July 29, 2009 -- Once a rising star, former CIA station chief Andrew M. Warren sat in a federal courtroom in Washington today for a status hearing as a judge urged him to waive his right to speedy trial.
Warren, 41, who was indicted in late June for allegedly sexual abusing a woman in February 2008, was told by Judge Ellen S. Huvelle that because of the time needed to get his attorney's the required security clearance to review documents, he should waive his right to a speedy trial.
Warren entered the courtroom at Barrett Prettyman U.S. Court in a navy suit and crisp white shirt and said nothing during the hearing. Warren's attorney, Mark D. Hunter, told Judge Huvelle that there is a "laundry list" of witnesses scattered around the world that need to be reached, and there are between 50-200 documents the Defense attorneys wish to "seek and review," indicating that it is likely the defense would agree to waive the speedy trial right.
Warren's fall from CIA grace has been dramatic, if not instant. According to two former CIA officials, Warren was a rising star at the CIA. Warren was a fluent Arabic speaker and had converted to Islam, making him an ideal officer in the Middle East for the intelligence agency. Officially, however, CIA has refused to acknowledge Warren was their spy.
During his confirmation hearings in February, current director of CIA, Leon Panetta told lawmakers that the CIA officials should have fired Warren immediately and notified Congress about the charges. Lawmakers first heard of the case from an exclusive ABC News report.
Before being posted to Algeria, Warren had served in Egypt, Afghanistan, and a stint in that CIA domestic station in New York. It was in New York, a few years after 9/11, that supervisors spotted him as a potential star, ready to be deployed around the world as a spy. Within a very short time - four years - Warren had been posted as station chief in Algeria.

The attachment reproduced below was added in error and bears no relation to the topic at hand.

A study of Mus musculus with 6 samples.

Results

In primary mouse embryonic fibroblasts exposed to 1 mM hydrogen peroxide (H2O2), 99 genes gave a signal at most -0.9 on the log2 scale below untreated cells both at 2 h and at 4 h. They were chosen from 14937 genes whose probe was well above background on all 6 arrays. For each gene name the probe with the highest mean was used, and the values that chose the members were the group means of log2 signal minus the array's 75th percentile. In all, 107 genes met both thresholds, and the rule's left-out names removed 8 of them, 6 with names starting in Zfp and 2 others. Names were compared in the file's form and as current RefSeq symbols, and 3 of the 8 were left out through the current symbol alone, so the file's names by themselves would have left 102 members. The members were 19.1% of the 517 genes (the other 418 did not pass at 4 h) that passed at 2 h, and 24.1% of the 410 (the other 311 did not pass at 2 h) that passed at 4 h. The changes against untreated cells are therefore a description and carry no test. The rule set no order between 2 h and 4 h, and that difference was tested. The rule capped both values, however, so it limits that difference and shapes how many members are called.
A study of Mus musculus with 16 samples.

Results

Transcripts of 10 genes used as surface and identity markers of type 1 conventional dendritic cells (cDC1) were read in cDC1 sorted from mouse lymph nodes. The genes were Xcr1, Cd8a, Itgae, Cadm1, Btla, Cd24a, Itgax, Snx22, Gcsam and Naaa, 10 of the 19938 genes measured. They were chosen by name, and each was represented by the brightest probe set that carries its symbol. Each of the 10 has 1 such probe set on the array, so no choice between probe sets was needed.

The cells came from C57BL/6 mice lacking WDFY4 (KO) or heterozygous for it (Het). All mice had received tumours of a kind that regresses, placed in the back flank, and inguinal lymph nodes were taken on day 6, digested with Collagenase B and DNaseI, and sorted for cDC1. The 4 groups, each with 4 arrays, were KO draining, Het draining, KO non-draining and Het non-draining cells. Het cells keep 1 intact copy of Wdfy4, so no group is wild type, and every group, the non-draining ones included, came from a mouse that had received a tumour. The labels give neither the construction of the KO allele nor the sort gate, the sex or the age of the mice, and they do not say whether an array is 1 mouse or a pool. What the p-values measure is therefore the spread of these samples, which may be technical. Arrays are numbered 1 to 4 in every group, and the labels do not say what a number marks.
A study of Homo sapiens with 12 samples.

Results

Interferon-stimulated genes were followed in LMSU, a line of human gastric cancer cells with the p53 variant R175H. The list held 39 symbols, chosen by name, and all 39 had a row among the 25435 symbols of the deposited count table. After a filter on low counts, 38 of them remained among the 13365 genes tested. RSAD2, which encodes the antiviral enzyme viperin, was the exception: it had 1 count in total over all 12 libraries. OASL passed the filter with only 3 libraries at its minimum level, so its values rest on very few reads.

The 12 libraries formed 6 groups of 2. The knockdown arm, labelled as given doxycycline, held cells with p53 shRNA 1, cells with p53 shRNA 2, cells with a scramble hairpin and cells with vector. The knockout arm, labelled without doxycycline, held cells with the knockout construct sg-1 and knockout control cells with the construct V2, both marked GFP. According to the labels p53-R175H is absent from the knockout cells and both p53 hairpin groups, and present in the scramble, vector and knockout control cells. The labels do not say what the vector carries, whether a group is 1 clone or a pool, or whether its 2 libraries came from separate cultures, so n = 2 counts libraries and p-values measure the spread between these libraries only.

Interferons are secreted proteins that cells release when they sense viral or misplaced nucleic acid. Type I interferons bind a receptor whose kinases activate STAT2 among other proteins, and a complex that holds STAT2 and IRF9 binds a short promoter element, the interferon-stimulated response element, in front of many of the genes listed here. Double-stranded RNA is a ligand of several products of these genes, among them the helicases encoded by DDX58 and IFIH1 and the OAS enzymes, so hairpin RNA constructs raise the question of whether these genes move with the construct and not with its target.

He was fired earlier this year, shortly after he was dismissed by the U.S. ambassador in Algeria stemming from the allegations.
Bureau of Diplomatic Security
According to an affidavit filed by the Bureau of Diplomatic Security during the investigation, two women in separate incidents alleged that Warren gave them drinks that caused them to pass out and then sexually assaulted them while they were in a helpless unconscious or semi-conscious state.
The federal indictment alleges that Warren secually abused a woman while she "was incapable of appraising the nature of the conduct and was physically incapable of declining participation in, and communicating unwillingness to engage in, said sexual act."
Warren pled not guilty to the charges and has been free on bail since his arraignment.
The Justice Department has said that Warren could face life in prison if convicted.